TRUE STORIES 2015-03-04T03:41:31+00:00

Examples of the compelling true stories featured in OUR KIDS

  • Andrew, from the upscale west side of Bend, Oregon, thrives in the emotional and material riches provided by his loving parents and is unembarrassed by their obvious affection for him, while in a tattered trailer in the poor part of town just across the river Kayla struggles with depression induced by her chaotically fractured family and lack of familial support. The lives and prospects of these two kids illustrate the effect on children of the rapidly growing class disparity in family structure. Increasingly, kids from college-educated homes live in stable, two-parent families, while a growing majority of kids from high-school educated homes live in fragile, one-parent families. These different launching pads powerfully determine their life trajectories.
  • Isabella and Lola are second-generation Latinas who live fifteen minutes apart in Orange County, California. But Isabella, from an affluent family, attended one of America’s best high schools, with scores of AP classes and activities, while impoverished Lola, though “gifted and talented,” dropped out of high school, intimidated by daily violence and discouraged by indifferent teachers. Their stories illustrate that the opportunity gap between rich kids and poor kids is widening even among ethnic minorities. They also reveal, more subtly, that the difference between schools is less what the teachers and school districts are doing than what the kids themselves bring to school – resources, aspirations, and positive peer pressure in the case of Isabella and her classmates; gangs, family disruption, and anxiety in the case of Lola and her classmates.
  • In Atlanta, Georgia three black families from different socioeconomic echelons use strikingly different styles of parenting. Desmond’s suburban parents, both professionals, have carefully groomed Desmond for confident success with steady, nurturing engagement. In an inner ring suburb, Stephanie (a single mom from the struggling working class) treats Michelle with tough love. She cares deeply for her kids, but to protect them in dangerous neighborhoods, she explains, “You gotta be a bully.” Raised in the heart of the ghetto, largely abandoned by his parents, Elijah witnessed three murders before he reached five and from an early age survived on his own through a life of street robbery and arson. His dim future illustrates the high costs of going without parenting. The latest research on brain science shows how these differing experiences get “under the skin” of infants and deeply constrain their life chances years before they enter school.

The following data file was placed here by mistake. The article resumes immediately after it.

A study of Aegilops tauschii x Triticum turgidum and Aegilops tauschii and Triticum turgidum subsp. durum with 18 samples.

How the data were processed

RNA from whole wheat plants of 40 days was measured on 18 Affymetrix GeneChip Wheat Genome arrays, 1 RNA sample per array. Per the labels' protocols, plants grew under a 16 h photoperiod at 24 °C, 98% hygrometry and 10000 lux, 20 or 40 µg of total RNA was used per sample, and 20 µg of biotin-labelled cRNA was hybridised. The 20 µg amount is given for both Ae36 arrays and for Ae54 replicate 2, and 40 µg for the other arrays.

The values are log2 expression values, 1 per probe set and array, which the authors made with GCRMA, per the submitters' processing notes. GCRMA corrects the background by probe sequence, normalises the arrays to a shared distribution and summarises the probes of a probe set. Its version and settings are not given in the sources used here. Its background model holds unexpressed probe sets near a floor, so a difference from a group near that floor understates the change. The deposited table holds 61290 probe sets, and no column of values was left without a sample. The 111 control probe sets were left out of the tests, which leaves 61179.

• In Philadelphia, Pennsylvania two white single moms grapple with similar challenges of drugs, sex, and mental health in raising their daughters, but for the family in the affluent Main Line unseen “airbags” automatically deploy to protect kids from serious damage—doctor friends who diagnose ADHD, funds to remodel the third floor for a distraction-free child’s suite, supportive mentors from a wide range of family friends. Meanwhile, in the formerly working class inner city neighborhood of Kensington, the drug plague is everywhere, and not even close family members serve as trustworthy guides or supporters. Growing economic segregation in America means that rich kids and poor kids are increasingly exposed to very different neighborhood environments.
  • On the affluent shoreline of Port Clinton, Ohio, Chelsea’s stay-at-home mom (Wendy) focuses on her daughter’s success, reading to her from an early age, orchestrating regular family dinners, encouraging her to take leadership positions in yearbook and student government and to go to college, and repeatedly intervening at school to reverse adverse school decisions. In an impoverished slum only a few hundred yards inland, David is ignored by his drug-addled, absent mother, his recidivist dad (who bounces in and out of prison), and the half dozen other women who pass through his dad’s life. With no adult support at all—from his dysfunctional family or from community agencies—19-year-old David tries to care for his eight half-siblings, hampered by inadequate schooling and his own juvenile criminal record. We see just how important parental involvement and savvy is for ensuring that children succeed.